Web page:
Crypto Hackers Exploit THORChain to Camouflage Stolen $35 Million Funds
A notorious cybercriminal syndicate, suspected to be the Lazarus group from North Korea, has cleverly leveraged cross-chain bridges and liquidity protocols to obfuscate the origins of their looted fortune.
Recent reports from blockchain investigator MistTrack unveil that the hackers, responsible for the audacious $35 million cryptocurrency heist targeting Atomic Wallet, have strategically employed the cross-chain liquidity platform THORChain to mask their ill-gotten gains. Approximately 503.08 ether (ETH), equivalent to roughly $870,000, associated with the theft, was traced to THORChain within the past 48 hours, where it was subsequently converted to bitcoin (BTC).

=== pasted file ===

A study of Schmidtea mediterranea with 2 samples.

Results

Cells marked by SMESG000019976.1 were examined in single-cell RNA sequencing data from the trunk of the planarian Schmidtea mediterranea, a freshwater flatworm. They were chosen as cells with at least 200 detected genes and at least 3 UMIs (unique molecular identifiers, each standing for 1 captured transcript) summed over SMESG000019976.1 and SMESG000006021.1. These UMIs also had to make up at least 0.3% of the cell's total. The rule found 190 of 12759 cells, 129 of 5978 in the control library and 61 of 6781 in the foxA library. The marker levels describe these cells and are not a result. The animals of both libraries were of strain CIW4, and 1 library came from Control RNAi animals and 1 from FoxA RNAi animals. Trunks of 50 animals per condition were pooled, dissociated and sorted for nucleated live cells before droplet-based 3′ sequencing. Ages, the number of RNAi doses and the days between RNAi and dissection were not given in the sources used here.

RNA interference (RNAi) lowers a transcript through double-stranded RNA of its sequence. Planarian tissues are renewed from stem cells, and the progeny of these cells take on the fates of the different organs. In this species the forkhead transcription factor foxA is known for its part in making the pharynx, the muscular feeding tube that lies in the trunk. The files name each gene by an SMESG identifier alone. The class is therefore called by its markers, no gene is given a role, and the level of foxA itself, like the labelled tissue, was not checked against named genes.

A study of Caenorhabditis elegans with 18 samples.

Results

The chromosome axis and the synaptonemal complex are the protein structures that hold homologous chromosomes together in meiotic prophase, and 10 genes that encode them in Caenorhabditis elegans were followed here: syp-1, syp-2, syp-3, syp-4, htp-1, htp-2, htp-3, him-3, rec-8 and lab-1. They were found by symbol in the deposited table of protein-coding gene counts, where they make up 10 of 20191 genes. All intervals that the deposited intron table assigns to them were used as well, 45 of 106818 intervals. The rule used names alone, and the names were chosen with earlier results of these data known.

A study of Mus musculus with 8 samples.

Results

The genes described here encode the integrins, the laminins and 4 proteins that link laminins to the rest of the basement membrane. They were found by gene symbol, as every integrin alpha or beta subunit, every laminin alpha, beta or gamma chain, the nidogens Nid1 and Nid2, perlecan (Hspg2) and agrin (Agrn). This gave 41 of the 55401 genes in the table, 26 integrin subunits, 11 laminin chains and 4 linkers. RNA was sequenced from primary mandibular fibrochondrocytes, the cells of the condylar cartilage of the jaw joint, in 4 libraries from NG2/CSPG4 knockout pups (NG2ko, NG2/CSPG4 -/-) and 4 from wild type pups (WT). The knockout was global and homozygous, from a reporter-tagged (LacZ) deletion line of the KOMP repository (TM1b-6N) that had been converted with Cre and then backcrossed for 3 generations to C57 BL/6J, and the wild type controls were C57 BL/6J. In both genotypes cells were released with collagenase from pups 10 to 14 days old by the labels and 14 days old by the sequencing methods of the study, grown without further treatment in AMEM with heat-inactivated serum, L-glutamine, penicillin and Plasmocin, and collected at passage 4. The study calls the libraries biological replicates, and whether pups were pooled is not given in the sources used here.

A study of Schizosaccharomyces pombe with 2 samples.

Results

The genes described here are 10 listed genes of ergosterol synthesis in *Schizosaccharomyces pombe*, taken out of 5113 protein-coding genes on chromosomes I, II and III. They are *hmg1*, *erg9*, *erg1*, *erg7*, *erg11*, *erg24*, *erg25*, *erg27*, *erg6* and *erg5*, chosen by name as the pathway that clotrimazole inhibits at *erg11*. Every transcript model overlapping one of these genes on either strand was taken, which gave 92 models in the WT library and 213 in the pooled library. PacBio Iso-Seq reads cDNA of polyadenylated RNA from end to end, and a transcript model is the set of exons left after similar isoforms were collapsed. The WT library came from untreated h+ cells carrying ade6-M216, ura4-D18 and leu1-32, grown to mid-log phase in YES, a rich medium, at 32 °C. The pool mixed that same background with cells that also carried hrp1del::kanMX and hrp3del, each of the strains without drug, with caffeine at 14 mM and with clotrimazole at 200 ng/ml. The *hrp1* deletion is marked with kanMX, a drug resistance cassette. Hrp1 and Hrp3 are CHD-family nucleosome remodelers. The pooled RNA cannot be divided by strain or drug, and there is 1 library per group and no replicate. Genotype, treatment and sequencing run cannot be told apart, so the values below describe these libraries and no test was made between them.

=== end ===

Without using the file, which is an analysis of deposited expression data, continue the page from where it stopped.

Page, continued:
To further complicate the tracking efforts, a portion of the pilfered ether was skillfully transferred to multiple bitcoin addresses using the Swft blockchain, as revealed by MistTrack’s investigation. Adding to the complexity, the culprits moved a portion of the stolen funds to the crypto exchange Garantex, which has been subjected to sanctions by the U.S. Treasury’s Office of Foreign Assets Control (OFAC) since April of last year.
Leading blockchain security firm Elliptic has identified the notorious hacking group Lazarus, known for its ties to North Korea, as the likely masterminds behind this audacious attack. Despite the flurry of illicit transactions connected to the hack, the native token of THORChain (RUNE) has remained relatively stable. According to CoinMarketCap, it currently trades at 84 cents, displaying a slight increase in value over the past 24 hours.